Lately, my social plans have been thankfully restricted to the kinds of establishments patronized predominately by other people just like me. Divey bars with salted snacks and homey restaurants with mix-and-match cutlery, 3/4 filled with other 20 and 30-somethings who share my lack of muscle tone and taste in eyewear, are of average height and natural beauty, possess mid-priced haircuts, limited edition sneakers, and a belief that jukebox music should also have lyrics. Throw in a few oddballs here and there for texture, and it makes for a nice place to spend your time. I like my kind, and I don't feel as though my lack of desire to drink and dine and view and hear outside of my immediate demographic speaks to a lacking sense of adventure; it's just that I value my time on this planet.
So, when I'm thrust into an alien environment I sometimes regress. To be more specific, when I am thrust into an environment that, to me, seems above my station on the social evolutionary chart, I become awkward and helpless. (I needed to be clear about this because a dinner club in Harlem is definitely an alien environment, but I would consider that a lateral social move.) The meat-packing district has become that alien landscape, for me. I always thought this area was kind of happening, but it was never happening like this. I could relax at Florent, and even Pastis. The Hog Pit - no problem, as long as it wasn't too crowded in the back. All those crack whores along 11th Avenue? My people.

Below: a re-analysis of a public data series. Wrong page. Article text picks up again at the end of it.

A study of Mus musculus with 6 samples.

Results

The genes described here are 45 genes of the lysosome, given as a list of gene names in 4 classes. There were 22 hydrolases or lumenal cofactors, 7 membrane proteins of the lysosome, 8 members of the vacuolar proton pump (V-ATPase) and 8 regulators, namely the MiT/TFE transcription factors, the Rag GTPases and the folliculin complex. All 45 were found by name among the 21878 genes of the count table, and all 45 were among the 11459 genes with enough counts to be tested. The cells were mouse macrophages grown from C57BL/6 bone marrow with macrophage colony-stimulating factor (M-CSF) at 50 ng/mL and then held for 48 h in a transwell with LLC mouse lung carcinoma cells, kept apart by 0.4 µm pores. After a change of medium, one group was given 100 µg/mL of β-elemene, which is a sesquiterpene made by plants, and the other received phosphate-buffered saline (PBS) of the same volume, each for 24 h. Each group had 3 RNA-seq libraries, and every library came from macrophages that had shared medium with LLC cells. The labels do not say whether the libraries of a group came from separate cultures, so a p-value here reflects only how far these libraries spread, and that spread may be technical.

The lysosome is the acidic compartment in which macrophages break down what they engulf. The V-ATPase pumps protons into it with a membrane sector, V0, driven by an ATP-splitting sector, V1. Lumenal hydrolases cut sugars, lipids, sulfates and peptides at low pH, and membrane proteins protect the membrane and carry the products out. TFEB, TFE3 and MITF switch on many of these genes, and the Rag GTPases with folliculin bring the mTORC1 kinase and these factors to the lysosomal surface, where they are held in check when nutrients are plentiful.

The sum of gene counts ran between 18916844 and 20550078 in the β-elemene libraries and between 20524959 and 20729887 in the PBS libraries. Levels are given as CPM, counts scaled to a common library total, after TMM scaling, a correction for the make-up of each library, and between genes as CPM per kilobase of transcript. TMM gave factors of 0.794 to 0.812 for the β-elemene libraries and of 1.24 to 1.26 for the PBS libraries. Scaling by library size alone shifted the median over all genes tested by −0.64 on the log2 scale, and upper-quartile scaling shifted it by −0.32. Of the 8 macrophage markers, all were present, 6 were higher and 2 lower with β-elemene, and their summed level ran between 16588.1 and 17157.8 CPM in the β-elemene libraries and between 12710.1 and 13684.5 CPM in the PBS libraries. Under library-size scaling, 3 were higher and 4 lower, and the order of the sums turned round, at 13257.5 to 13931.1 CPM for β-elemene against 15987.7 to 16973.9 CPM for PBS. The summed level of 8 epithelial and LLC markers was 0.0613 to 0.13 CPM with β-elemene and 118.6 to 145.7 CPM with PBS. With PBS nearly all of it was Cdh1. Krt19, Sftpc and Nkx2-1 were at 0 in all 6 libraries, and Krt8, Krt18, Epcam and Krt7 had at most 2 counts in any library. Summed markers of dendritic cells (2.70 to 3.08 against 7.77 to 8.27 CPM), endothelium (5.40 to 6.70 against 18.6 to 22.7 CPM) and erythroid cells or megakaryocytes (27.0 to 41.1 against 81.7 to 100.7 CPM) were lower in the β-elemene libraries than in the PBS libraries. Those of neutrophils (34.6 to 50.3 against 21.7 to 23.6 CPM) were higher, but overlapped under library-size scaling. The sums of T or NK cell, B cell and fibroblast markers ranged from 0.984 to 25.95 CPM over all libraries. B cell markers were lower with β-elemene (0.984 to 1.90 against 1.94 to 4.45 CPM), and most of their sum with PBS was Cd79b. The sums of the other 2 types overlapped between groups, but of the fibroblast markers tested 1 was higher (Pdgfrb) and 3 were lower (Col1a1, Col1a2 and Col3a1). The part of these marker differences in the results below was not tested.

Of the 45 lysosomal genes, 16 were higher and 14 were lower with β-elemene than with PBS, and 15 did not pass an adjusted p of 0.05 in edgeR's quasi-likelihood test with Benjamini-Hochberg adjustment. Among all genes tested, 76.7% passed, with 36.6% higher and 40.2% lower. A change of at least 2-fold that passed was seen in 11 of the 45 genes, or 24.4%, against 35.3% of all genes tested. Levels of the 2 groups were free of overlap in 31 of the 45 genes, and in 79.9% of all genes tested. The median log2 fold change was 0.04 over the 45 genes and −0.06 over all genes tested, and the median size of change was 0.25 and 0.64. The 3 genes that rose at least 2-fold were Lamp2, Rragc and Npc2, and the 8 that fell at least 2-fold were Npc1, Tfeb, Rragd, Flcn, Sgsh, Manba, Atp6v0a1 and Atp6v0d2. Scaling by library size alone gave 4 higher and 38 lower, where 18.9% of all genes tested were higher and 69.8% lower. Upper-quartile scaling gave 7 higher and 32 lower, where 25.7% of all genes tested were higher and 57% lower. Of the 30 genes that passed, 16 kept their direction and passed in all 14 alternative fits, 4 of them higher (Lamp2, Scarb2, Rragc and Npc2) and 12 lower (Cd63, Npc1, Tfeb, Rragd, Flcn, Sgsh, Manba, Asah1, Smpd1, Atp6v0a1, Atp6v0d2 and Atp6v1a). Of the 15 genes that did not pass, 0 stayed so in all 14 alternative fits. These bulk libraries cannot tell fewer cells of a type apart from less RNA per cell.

But Vento? My God. And what about Pop Burger? The only White Castle-type fast food burger place with a private VIP room in the back. How many more ways are people required to remain painfully aware of their social status?
At night, the meat-packing district has become lousy with products of a superior (or cosmetically-abetted superior) gene pool. Women with buffed skin with golden highlights along their calf muscles. Expensive hand bags. Microscopically small cell phones. Men who, on average, tower over me by three to four inches minimum. Thick wrists with coarse hair and precious metal timepieces, compared to my balsa-wood wrist-twigs encircled by a Keith Haring Swatch and gummy bracelets.
Do these people go to the movies, I wonder. I never see them there, eating from buckets of cumin-foam-drizzled popcorn and drinking 64 ounce cups of electrolyte water. Do they laugh at things other than their own friends' personal humiliations? My initial response to the lovely and wealthy is derision, but I must confess that what I really feel, more than anything, is a deep fascination. I get the same way when I'm at my gym, surrounded by heavily muscled men. I never see them anywhere else, even though it's a neighborhood gym and as such I should be seeing these guys all over the neighborhood. And, in their company, and likewise in the company of the exotic birds of the meat-packing district, I can't help but think: "How can we be the same species?" It sounds silly, I know, but it really is puzzling to me. Here I am, small-boned, stoop-shouldered, kinky-haired, sallow-complexioned, still prone to acne breakouts. How can I even be the same kind of animal as these well-toned, well-poised people with strong hairlines, who are never self-conscious about the location and/or activity of their hands? I don't understand it. As I munched greedily at my Pop Burgers while sitting on the curb in front of Vento, and feeling very much like a Jewish Gollum, I decided, "Maybe God just isn't finished making me yet."